Contextual teaching is a method by which students are given a hands-on opportunity to learn how concepts introduced in class apply to the outside world. It is a way for teachers to increase student engagement with, and retention and understanding of, the curriculum in addition to teaching skills in such a way that they are easily transferable to a professional environment. This theory affects the teacher's choice of presentation style, environment, and assessment.
The method of contextual teaching is based on six major principles. One of the most important is that students pursue problem-based learning, so that the concepts taught can be applied practically, rather than presented as abstract ideas. The method includes both self-regulated study and work in groups, so that students can learn to become both self-reliant and team players. Students are taught concepts in the most authentic setting available so that skills can be applied to the complexities of the real world. The method also takes into consideration the ethnic background and histories of the students in order to enrich and broaden the learning process.
Problem-based learning with the contextual teaching method can be approached with a real issue or one simulated in the classroom. The problem can be the overarching issue for an entire curriculum, or a smaller issue that must be addressed over the course of an assignment. Picking an issue in the community, particularly one that has meaning to the students, can help to foster students' understanding of the methods used to solve the problem. It can also encourage the students to become more engaged in the problem-solving process.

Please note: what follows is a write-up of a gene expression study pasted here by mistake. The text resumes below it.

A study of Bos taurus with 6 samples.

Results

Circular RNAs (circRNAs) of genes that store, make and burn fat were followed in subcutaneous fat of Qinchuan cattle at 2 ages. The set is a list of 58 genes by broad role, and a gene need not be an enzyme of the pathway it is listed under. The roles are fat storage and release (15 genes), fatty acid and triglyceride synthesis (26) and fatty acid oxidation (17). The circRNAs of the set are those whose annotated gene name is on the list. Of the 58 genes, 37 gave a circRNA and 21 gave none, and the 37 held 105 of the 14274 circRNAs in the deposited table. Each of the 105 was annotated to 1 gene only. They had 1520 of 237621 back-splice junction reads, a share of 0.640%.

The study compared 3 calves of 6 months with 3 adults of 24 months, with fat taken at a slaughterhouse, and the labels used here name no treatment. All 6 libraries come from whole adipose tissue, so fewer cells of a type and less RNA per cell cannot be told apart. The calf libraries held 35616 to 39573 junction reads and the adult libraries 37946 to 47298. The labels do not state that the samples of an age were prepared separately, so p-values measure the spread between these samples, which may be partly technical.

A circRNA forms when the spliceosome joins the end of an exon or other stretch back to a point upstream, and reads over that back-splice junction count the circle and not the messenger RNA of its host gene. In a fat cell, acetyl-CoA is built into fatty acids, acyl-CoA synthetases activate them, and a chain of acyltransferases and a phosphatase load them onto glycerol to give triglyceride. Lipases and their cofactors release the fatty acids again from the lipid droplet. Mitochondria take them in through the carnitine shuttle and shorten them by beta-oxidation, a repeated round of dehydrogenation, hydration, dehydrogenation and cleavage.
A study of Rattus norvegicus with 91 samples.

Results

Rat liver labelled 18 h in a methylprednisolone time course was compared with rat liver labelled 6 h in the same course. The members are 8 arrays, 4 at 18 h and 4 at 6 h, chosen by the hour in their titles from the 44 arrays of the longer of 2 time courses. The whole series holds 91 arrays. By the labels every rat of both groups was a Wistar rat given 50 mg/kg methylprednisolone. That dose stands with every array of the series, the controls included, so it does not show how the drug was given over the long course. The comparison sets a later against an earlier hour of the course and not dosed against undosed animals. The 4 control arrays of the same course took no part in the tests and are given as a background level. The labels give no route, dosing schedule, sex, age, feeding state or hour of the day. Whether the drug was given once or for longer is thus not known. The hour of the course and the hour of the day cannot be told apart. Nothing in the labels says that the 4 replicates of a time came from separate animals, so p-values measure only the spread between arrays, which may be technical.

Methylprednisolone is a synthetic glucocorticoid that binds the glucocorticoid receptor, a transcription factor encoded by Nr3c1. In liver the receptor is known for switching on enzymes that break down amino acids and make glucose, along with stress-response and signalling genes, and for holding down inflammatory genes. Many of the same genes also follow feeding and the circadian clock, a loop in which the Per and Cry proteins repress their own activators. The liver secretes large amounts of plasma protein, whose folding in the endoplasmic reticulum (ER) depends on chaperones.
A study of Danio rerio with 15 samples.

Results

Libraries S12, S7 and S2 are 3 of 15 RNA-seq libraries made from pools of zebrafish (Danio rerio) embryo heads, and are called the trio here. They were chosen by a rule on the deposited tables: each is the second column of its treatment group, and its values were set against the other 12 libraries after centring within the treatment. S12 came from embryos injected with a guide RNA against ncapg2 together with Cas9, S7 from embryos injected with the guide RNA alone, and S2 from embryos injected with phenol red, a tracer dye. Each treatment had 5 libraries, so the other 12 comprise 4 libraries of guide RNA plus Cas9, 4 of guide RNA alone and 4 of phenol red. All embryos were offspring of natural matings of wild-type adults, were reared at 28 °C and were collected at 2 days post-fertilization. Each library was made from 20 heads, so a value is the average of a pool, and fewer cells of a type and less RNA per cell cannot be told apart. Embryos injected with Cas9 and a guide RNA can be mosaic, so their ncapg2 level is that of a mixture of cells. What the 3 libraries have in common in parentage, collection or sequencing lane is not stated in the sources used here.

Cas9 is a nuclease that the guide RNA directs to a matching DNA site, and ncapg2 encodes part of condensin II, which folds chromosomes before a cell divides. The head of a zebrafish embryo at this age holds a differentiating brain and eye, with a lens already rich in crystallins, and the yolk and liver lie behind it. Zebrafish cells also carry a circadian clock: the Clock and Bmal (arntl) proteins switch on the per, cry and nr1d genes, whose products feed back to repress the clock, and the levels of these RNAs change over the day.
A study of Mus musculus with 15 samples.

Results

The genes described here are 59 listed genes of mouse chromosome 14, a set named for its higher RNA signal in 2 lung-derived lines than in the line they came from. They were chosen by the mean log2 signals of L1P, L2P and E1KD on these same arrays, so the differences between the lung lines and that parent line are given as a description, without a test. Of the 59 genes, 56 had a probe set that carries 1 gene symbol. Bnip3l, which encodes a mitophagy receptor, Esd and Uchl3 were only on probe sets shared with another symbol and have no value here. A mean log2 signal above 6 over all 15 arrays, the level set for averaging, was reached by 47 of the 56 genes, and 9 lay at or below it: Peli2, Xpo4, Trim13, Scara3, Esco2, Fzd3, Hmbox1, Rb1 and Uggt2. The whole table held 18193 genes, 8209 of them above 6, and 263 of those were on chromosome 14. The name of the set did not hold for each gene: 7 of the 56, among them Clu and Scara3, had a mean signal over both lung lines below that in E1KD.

Contextual teaching requires students to work both alone and in groups. When the students are engaged in self-regulated learning, they acquire the skills necessary to make individual decisions without the influence of others. It is also important for students to work in groups — both with each other and in the community — in order to learn how to absorb new concepts, present personal ideas, and accommodate the contrasting views of others.
By presenting problems in multiple contexts and assessing them in ways that approximate real-world responses to problem-solving, contextual teaching gives students a taste of the variety of situations and responses to expect in their work. Students learn to be adaptable and flexible when they solve similar problems in a variety of situations and settings. When the results of their work are evaluated with professional standards, they acquire a deeper understanding of what skills will be required to succeed in their profession.
Accommodating and embracing the diversity of the students is another way the contextual method increases student engagement and real world understanding of the curriculum. By applying concepts to their own experiences and world views, students can envision and anticipate their own needs and responses in the workplace. They can also acquire an understanding and appreciation of other cultures and learn to incorporate those differences into their professional mindset.